Honoring HNU's Black Alumni Leaders
In celebration of Black History Month, take a moment to see how some of our Black alumni are working to lead, inspire, and make the world a better place.
Tiana Davis Kara ’06, executive director of #BUILTBYGIRLS empowers teens to pursue technology careers
“My vision is for #BUILTBYGIRLS to truly, truly take the industry by storm and amplify the voices of girls who are eager to step into the tech industry but are hesitant and concerned with its current state.”
“I want to be an example and show these kids what’s possible. I have come so far and I want them to see that, like me, they can do anything.”
Adamaka Ajaelo, MBA ’10, Founder of Self-eSTEM, is making sure young women of color have access to STEM careers
“I heard from too many women that they dreamed of being a programmer or a scientist but didn’t have the support to enter and remain in the STEM career pathway.”
Muryam Gourdet ‘14 is determined to change the face of science—and through her actions as a mentor and role model, researcher and academic, she is doing just that.
“Muryam’s grassroots mentoring efforts, aimed at broadening participation in science, are innovative, effective, and amazing.”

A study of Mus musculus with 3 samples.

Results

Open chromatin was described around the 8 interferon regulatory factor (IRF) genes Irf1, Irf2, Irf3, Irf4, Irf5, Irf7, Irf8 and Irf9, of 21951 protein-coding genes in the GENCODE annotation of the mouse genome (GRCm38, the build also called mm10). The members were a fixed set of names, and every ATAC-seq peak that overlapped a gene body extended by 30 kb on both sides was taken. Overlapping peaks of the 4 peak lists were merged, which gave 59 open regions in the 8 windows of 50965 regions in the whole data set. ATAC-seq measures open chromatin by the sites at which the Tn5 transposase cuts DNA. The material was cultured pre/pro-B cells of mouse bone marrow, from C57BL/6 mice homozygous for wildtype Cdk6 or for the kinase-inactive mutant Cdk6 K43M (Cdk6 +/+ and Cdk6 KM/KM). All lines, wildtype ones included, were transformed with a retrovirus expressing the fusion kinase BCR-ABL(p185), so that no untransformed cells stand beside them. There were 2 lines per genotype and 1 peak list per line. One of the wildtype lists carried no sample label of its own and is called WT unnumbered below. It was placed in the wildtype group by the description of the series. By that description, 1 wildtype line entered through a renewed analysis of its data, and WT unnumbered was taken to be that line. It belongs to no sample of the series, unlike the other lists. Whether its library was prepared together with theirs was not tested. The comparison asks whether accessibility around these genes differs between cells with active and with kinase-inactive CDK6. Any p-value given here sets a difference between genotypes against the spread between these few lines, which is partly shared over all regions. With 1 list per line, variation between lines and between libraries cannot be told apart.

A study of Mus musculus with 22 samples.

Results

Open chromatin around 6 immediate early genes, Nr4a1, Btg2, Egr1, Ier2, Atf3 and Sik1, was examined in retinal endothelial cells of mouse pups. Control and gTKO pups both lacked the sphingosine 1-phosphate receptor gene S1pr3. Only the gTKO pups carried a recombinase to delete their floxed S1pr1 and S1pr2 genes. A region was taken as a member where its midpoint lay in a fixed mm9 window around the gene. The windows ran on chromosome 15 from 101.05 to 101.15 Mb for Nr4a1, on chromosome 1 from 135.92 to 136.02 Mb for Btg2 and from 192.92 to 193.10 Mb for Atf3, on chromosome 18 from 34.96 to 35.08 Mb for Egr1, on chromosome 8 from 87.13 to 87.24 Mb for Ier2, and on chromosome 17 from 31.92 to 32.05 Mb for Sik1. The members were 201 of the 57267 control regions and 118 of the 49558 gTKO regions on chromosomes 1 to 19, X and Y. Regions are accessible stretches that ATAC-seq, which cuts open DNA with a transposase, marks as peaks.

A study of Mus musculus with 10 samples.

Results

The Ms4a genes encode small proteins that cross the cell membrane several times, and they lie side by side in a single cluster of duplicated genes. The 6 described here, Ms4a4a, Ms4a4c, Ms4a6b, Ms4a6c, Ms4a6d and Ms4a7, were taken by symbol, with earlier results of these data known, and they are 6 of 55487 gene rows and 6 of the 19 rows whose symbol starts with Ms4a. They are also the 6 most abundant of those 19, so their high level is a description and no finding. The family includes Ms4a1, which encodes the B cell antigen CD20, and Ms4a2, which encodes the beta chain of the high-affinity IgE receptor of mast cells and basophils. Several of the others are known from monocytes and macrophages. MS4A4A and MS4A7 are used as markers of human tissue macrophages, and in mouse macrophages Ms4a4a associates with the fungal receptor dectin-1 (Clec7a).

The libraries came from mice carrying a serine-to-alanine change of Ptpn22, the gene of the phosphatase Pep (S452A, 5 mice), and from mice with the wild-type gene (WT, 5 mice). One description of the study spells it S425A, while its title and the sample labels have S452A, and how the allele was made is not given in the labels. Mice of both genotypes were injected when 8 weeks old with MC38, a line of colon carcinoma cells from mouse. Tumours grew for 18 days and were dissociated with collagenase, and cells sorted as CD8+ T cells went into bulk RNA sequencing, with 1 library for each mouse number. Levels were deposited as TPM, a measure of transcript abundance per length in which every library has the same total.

“One person can’t do this work alone … It takes collective power to push for meaningful change.”
Denise Aaron ’01, Founder of Ladies First 510, is getting Oakland women to talk openly—and take action—on health challenges that disproportionately trouble women of color.
“(The Sisters) set a standard: Once you leave Holy Names, you’re not just going to do a job. You’re going to establish a career and figure out how you’re going to give back.”
“I love what I do. I don’t feel like it’s work. I go to make a difference. We help, we heal, we change lives.”
“HNU was, and is, a community committed to social justice. My education prepared me to become a strong voice in the global community and an advocate for women’s equal rights. I spent years working for Fortune 500 companies and Silicon Valley startups and my experience in these male-dominated industries highlighted the gender pay gap crisis. I founded The Equal Balance Movement to ﬁght for equal pay for all women.”
“After spending decades working in public education, I saw how the system impacts–or doesn’t impact–students of color. I saw the importance of an educated community. I’m a lifelong educator and I’m doing what I can to educate people, especially young people, on the importance of involvement and advocacy in the political process.”